As many Canadians prepare to mark their second Easter amid growing restrictions due to the pandemic’s third wave, a new survey shows they have adapted remarkably well to the new reality of live streamed religious services even as they crave the return to in-person worship unencumbered by public health restrictions.
The study by the Angus Reid Institute conducted in partnership with Cardus think-tank found that pandemic restrictions on places of worship have led to more personal prayer but less connection to a sense of religious community.
The study, which canvassed the views of 1,059 Canadian adults who attended religious services at least once per month pre-pandemic, also found that almost half of them long for a return to in-person worship.
But nearly four-in-ten among those who’ve had an opportunity to attend in-person religious services under pandemic restrictions, described the experience as less satisfying.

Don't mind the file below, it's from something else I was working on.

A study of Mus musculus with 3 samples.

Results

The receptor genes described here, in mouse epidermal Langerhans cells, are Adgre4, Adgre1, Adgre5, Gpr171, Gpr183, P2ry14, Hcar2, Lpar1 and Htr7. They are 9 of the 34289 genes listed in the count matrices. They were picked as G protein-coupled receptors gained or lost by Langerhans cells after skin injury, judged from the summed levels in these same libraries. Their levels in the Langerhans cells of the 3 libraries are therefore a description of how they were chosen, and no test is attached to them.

Evangelical Protestants feel these impacts most strongly, with half saying that public health precautions have negatively impacted their experience at in-person worship.
Online services have been a lifeline for those craving contact with their churches, temples, and synagogues, the report noted.
More than three-quarters of Canadians who regularly attended religious services pre-pandemic said they’ve streamed or “attended” a religious service online, most of them on a regular basis, the study found.
Indeed, most respondents said they would like their congregations to maintain the availability of online services rather than discontinue them once the pandemic is over.
When asked how public health restrictions on places of worship in their province compare to other public venues, two-in-five say they have been unfairly harsh.
Roman Catholics, in particular, mentioned missing Holy Communion because of restrictions on services.
Whatever religious tradition they follow, Canadian faithful said they are yearning for a sense of community, the survey found.
When asked what aspect of physical services they miss most, half mentioned the sense of kinship and unity that comes of being around others.
Two-in-five said being present for a physical service or given ritual creates more of a powerful experience that cannot be fully replicated online.